Home Cosmetic Science Talk Formulating Cosmetic Industry final product price range

  • final product price range

    Posted by em88 on February 20, 2018 at 2:23 pm


    I was wondering for those who work in the industry, what is the price range for the final product (excluding packaging), generally talking. 
    Small industries will consider an excipient of lets say $30-$40/kg an expensive one if it is used in a large amount in the formula (ex. more than 30%). This is the same for cosmetics (semi-solids, liquids) and food supplements or pharma (solids) 
    have you experienced the same thing?

    Thank you

    belassi replied 6 years, 2 months ago 3 Members · 2 Replies
  • 2 Replies
  • Duncan

    February 24, 2018 at 7:40 pm

    really depends on what price point you’re going to sell it at
    If you are going to sell direct to the public, general business advice suggests that your finished cost of goods needs to be around half what you’re charging
    If you’re selling to a retailer, they’ll want to make 100% markup on what you are selling it to them.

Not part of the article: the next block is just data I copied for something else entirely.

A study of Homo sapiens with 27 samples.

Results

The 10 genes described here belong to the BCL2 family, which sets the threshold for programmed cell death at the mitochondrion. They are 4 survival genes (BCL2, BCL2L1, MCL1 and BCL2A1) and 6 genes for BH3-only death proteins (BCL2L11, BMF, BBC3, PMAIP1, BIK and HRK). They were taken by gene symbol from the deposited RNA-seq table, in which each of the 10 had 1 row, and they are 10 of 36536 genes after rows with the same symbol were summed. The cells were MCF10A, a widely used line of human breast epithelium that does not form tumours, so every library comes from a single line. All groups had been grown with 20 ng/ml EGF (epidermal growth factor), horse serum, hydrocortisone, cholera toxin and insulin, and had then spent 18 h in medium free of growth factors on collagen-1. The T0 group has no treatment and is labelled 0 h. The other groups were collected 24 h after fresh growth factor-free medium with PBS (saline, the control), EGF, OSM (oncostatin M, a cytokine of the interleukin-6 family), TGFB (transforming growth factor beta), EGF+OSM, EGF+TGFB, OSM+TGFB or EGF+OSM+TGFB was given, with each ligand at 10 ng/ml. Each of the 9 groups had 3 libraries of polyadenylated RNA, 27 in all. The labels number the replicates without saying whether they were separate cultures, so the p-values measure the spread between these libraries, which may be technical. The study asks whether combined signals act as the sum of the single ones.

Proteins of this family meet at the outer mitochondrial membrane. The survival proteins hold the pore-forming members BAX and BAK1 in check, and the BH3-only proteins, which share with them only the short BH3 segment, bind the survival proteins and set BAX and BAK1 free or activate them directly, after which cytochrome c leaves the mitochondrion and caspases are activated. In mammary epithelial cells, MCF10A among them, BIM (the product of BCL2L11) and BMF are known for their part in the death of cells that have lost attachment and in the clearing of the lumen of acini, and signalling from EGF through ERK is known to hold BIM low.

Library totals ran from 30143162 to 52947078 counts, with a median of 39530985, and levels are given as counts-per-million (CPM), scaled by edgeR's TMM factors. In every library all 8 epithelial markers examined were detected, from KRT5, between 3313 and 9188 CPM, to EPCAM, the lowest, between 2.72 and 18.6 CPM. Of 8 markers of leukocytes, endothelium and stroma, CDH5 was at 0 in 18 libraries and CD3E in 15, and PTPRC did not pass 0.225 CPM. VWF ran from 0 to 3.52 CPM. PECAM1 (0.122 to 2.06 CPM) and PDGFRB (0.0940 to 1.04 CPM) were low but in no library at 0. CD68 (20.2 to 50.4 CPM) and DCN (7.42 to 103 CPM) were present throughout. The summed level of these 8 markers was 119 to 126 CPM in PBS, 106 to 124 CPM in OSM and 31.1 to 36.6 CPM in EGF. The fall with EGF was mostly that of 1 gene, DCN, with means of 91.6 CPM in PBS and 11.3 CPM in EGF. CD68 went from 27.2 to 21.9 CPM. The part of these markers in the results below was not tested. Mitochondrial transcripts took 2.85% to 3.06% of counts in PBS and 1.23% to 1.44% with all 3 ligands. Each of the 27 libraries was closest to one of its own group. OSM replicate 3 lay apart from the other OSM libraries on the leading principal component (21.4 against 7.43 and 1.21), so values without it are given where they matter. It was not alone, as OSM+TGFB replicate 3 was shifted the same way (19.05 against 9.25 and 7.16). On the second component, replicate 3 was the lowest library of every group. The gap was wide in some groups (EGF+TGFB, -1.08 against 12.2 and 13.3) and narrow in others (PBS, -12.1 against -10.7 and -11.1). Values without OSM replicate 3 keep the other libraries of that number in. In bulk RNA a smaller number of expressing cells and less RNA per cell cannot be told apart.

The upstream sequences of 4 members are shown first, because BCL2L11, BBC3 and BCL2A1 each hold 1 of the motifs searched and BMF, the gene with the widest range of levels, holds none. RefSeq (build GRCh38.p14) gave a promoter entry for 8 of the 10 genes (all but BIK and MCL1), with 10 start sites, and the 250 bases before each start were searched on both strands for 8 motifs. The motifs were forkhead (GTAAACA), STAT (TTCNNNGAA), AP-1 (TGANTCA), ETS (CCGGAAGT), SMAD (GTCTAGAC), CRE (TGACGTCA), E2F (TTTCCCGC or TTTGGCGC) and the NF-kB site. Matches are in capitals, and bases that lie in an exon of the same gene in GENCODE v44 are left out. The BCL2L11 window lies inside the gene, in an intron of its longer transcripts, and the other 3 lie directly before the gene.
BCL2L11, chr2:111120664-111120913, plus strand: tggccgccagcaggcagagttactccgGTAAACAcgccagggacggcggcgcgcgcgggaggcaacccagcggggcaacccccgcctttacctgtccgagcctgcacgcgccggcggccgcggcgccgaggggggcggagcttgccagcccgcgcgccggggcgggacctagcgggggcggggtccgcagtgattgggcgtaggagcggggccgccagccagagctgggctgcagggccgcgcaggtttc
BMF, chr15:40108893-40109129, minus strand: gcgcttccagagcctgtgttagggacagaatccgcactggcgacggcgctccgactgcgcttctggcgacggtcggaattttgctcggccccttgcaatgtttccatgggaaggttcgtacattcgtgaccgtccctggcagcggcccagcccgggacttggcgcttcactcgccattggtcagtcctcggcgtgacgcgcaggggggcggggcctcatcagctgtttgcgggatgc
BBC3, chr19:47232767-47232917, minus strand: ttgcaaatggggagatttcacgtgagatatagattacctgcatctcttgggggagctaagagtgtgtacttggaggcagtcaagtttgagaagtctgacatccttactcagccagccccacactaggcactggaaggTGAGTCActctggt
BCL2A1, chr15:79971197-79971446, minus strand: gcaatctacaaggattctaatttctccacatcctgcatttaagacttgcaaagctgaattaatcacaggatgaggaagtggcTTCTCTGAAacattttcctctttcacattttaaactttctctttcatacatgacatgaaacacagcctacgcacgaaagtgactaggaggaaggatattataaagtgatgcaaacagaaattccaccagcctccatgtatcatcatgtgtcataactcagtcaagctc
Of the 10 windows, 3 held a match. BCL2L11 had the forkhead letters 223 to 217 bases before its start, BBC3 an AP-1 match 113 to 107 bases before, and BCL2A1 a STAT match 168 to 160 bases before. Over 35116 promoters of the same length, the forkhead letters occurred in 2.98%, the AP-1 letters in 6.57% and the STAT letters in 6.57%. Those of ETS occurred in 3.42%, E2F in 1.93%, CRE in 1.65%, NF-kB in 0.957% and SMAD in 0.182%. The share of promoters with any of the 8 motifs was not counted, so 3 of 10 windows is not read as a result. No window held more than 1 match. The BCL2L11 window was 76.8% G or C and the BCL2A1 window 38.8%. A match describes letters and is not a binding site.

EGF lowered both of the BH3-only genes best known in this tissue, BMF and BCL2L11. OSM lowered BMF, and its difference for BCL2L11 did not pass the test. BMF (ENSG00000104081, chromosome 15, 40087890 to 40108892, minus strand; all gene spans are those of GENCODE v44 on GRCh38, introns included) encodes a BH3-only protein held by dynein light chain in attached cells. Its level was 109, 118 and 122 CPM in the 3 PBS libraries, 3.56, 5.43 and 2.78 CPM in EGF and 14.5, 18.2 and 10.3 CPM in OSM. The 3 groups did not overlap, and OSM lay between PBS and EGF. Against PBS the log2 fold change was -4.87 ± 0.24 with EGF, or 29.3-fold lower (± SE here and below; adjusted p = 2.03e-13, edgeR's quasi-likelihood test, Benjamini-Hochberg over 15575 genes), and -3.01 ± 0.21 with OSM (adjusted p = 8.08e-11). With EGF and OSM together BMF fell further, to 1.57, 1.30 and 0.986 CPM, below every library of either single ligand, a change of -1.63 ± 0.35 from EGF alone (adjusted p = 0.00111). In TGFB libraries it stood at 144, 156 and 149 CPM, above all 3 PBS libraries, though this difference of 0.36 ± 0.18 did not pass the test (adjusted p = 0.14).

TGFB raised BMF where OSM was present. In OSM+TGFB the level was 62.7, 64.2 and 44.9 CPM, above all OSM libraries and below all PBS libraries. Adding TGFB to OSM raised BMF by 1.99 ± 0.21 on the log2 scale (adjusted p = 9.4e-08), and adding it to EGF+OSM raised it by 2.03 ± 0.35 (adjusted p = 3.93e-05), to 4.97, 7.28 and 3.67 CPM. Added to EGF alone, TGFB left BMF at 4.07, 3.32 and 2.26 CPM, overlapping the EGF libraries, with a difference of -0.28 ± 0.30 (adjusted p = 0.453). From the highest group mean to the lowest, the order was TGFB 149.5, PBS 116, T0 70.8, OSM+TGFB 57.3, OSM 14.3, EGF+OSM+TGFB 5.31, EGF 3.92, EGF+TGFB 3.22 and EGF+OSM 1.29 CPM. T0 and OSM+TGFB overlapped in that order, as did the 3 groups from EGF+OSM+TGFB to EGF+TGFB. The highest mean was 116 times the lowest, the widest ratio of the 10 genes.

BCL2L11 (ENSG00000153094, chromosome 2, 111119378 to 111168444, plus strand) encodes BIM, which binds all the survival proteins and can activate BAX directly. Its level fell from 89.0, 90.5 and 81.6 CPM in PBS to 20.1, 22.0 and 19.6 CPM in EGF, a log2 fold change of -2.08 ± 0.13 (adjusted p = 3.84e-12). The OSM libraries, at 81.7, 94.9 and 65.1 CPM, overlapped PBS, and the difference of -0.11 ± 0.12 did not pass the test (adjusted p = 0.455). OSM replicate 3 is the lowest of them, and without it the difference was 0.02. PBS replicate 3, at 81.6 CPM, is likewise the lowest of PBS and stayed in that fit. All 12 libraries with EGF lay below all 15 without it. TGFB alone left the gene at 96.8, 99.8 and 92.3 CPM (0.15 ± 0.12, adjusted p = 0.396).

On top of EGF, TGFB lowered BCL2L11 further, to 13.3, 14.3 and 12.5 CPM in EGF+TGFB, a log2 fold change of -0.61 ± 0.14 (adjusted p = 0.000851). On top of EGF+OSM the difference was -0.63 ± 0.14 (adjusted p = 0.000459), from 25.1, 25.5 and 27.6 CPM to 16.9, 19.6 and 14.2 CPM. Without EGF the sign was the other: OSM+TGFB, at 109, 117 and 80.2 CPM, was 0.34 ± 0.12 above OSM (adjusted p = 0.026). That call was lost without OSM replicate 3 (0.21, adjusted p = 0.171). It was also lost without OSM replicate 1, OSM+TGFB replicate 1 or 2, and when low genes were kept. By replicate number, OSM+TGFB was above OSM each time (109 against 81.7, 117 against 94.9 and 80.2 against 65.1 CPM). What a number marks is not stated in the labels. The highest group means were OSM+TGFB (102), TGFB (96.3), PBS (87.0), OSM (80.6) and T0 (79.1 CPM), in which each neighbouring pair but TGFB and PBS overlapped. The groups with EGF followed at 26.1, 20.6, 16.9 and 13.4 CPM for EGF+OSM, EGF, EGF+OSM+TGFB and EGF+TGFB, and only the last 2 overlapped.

Basically if you’re spending your time doing this you need to cover your costs and make a wage. Less than minimum wage, unless it’s a hobby you do for fun is not sustainable

  • belassi

    February 24, 2018 at 9:00 pm

    The first thing is proper accounting. You need to make a spreadsheet with all the costs of raw materials, packages, labelling, and labour. Then for each product you:
    1. Multiply the raws cost/Kg by quantity used in product + 10% (‘heel’ or wastage) and add them.
    2. Multiply the time taken per item by hourly labour cost.
    3. Enter the package and label cost for each item.
    Add 1-3 together. This is your input cost.
    Multiply by 6. This is your retail price.
    BEAR IN MIND that unless a product has a USP and you can show it to be “special” consumers will compare it with standard products on sale in the supermarket and think, “Why should I buy this em88 conditioner when I can buy a 400mL conditioner in the dollar store?”
    As an example our coffee shampoo is now our best seller even though it is the most expensive of our shampoo line, I believe that’s because it is both a super nice shampoo but also has no competitor.
    PLEASE note that even the above approach is simplistic because it doesn’t account for the cost of marketing / capital employed etc. but at least it allows you to automatically adjust prices when your input costs change.